When a tooth is extensively decayed a filling may not be enough to fix the tooth. It may need an inlay, an onlay or crown to restore it. Both crowns and most bridges are fixed prosthetic devices. Unlike removable devices such as dentures, which you can take out and clean daily, crowns and bridges are cemented onto existing teeth or implants, and can only be removed by a dentist. A crown is used to entirely cover or "cap" a damaged tooth. Besides strengthening a damaged tooth, a crown can be used to improve its appearance, shape or alignment. A crown can also be placed on top of an implant to provide a tooth-like shape and structure for function. Porcelain or ceramic crowns can be matched to the color of your natural teeth. Other materials include gold and metal alloys, acrylic and ceramic. These alloys are generally stronger than porcelain and may be recommended for back teeth. Porcelain bonded to a metal shell is often used because it is both strong and attractive.

Your dentist may recommend a crown to:

  • Replace a large filling when there isn't enough tooth remaining
  • Protect a weak tooth from fracturing
  • Restore a fractured tooth
  • Attach a bridge
  • Cover a dental implant
  • Cover a discolored or poorly shaped tooth
  • Cover a tooth that has had root canal treatment

How Do Bridges Work?

A bridge may be recommended if you're missing one or more teeth. Gaps left by missing teeth eventually cause the remaining teeth to rotate or shift into the empty spaces, resulting in a bad bite. The imbalance caused by missing teeth can also lead to gum disease and temporomandibular joint (TMJ) disorders.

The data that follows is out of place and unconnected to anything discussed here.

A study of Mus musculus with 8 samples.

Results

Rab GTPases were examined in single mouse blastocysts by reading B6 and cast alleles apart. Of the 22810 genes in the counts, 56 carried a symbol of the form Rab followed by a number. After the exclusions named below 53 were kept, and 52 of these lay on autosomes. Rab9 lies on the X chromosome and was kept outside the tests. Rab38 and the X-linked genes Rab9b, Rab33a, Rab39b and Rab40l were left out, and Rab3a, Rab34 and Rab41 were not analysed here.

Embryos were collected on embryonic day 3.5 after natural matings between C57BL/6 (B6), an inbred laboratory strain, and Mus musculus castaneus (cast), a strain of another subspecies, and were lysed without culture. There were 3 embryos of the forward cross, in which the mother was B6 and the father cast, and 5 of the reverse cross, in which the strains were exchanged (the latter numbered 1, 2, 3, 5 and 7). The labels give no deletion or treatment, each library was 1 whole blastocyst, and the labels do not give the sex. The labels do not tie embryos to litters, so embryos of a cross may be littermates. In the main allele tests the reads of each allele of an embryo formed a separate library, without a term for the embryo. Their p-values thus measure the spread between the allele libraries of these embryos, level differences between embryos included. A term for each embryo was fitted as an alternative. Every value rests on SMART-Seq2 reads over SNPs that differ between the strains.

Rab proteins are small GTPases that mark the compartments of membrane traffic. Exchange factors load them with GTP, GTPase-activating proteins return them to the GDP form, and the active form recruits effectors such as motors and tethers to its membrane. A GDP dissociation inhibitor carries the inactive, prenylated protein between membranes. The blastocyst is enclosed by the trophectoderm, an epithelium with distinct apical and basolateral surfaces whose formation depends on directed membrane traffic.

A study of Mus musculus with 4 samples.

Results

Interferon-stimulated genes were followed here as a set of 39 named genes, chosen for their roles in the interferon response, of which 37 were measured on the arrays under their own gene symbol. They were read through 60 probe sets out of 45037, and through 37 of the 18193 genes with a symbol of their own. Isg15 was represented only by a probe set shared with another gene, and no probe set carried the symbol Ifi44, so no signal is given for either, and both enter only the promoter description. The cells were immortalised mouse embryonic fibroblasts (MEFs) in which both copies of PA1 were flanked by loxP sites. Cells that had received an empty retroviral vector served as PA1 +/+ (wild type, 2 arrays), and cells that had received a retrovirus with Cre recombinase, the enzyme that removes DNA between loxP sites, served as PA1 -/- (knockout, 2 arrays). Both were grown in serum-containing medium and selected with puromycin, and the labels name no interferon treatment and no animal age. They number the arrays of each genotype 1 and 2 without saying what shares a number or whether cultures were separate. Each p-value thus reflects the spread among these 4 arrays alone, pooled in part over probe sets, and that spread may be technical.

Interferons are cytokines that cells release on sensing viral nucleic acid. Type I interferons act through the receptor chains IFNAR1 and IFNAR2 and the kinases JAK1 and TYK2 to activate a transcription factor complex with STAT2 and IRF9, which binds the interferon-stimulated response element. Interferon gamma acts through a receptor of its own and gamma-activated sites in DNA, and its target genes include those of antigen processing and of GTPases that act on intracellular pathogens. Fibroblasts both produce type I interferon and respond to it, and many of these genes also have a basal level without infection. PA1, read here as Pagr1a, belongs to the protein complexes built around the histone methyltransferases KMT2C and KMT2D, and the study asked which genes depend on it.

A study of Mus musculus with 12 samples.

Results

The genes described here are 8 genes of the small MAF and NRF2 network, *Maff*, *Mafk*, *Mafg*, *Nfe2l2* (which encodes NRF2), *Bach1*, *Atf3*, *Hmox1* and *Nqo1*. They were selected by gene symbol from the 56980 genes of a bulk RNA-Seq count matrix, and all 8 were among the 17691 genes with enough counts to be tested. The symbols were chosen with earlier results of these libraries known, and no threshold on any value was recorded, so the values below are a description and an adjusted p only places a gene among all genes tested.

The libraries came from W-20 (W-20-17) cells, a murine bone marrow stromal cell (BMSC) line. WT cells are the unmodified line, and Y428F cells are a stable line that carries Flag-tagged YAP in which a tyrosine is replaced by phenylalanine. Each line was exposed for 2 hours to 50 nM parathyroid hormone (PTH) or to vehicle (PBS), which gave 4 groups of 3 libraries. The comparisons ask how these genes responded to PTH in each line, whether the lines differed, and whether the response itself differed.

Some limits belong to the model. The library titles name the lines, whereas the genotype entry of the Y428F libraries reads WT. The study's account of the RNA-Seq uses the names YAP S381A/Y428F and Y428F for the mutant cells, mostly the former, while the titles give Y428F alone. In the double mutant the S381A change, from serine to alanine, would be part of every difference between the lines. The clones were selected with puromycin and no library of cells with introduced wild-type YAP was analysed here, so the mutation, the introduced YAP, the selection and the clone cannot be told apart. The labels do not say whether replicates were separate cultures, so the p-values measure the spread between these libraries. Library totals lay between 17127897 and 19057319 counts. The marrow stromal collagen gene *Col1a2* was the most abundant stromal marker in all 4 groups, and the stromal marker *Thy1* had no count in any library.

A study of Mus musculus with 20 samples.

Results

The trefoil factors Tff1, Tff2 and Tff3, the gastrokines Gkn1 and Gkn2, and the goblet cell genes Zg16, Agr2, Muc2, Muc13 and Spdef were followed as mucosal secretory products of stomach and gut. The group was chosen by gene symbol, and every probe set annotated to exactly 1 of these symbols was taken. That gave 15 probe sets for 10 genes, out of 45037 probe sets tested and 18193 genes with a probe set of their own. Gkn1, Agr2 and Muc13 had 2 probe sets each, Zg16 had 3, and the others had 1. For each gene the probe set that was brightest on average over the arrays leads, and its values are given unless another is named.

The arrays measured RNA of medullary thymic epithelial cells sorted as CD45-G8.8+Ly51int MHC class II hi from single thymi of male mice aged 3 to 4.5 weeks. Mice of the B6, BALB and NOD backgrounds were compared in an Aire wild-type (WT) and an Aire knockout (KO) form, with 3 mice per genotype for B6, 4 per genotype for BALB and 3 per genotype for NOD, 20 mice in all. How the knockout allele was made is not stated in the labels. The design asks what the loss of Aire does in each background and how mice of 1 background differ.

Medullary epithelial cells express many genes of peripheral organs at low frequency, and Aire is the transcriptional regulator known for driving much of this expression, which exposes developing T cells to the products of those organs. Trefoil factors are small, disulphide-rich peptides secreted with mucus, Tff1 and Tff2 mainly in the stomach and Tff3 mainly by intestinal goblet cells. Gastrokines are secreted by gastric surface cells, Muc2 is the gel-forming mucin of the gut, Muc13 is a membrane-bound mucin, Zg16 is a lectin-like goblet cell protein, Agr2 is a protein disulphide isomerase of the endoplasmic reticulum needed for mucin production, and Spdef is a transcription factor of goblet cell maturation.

Bridges are commonly used to replace one or more missing teeth. They span the space where the teeth are missing. Bridges are cemented to the natural teeth or implants surrounding the empty space. These teeth, called abutments, serve as anchors for the bridge. A replacement tooth, called a pontic, is attached to the crowns that cover the abutments. As with crowns, you have a choice of materials for bridges. Your dentist at MFD can help you decide which to use, based on the location of the missing tooth (or teeth), its function, aesthetic considerations and cost. Porcelain or ceramic bridges can be matched to the color of your natural teeth.

What causes tooth decay?

The combination of bacteria and food causes tooth decay. A clear, sticky substance called plaque that contains bacteria is always forming on your teeth and gums. As the bacteria feed on the sugars in the food you eat, they make acids. The acids attack the teeth for 20 minutes or more after eating. Over a period of time, these acids destroy tooth enamel, resulting in tooth decay. Tooth decay is heavily influenced by lifestyle what we eat, how well we take care of our teeth, the presence of fluoride in our water and toothpaste. Heredity also plays a role in how susceptible your teeth may be to decay. Adults are especially at risk for cavities if they suffer from dry mouth, a condition due to a lack of saliva. Dry mouth may be caused by illness, medications, radiation therapy and chemotherapy, and may be either temporary (days to months) or permanent, depending on its cause.

More about the procedure

A crown is a type of dental restoration which completely caps or encircles a tooth or dental implant. Crowns are often needed when a large cavity threatens the ongoing health of a tooth. They are typically bonded to the tooth using dental cement. Crowns can be made from many materials, which are usually fabricated using indirect methods. Crowns are often used to improve the strength or appearance of teeth.

The most common method of crowning a tooth involves using a dental impression of a prepared tooth by a dentist to fabricate the crown outside of the mouth. The crown can then be inserted at a subsequent dental appointment. Using this indirect method of tooth restoration allows use of strong restorative materials requiring time consuming fabrication methods requiring intense heat, such as casting metal or firing porcelain which would not be possible to complete inside the mouth. Because of the expansion properties, the relatively similar material costs, and the aesthetic benefits, many patients choose to have their crown fabricated with gold.

As new technology and materials science has evolved, computers are increasingly becoming a part of crown and bridge fabrication, such as in CAD/CAM Dentistry.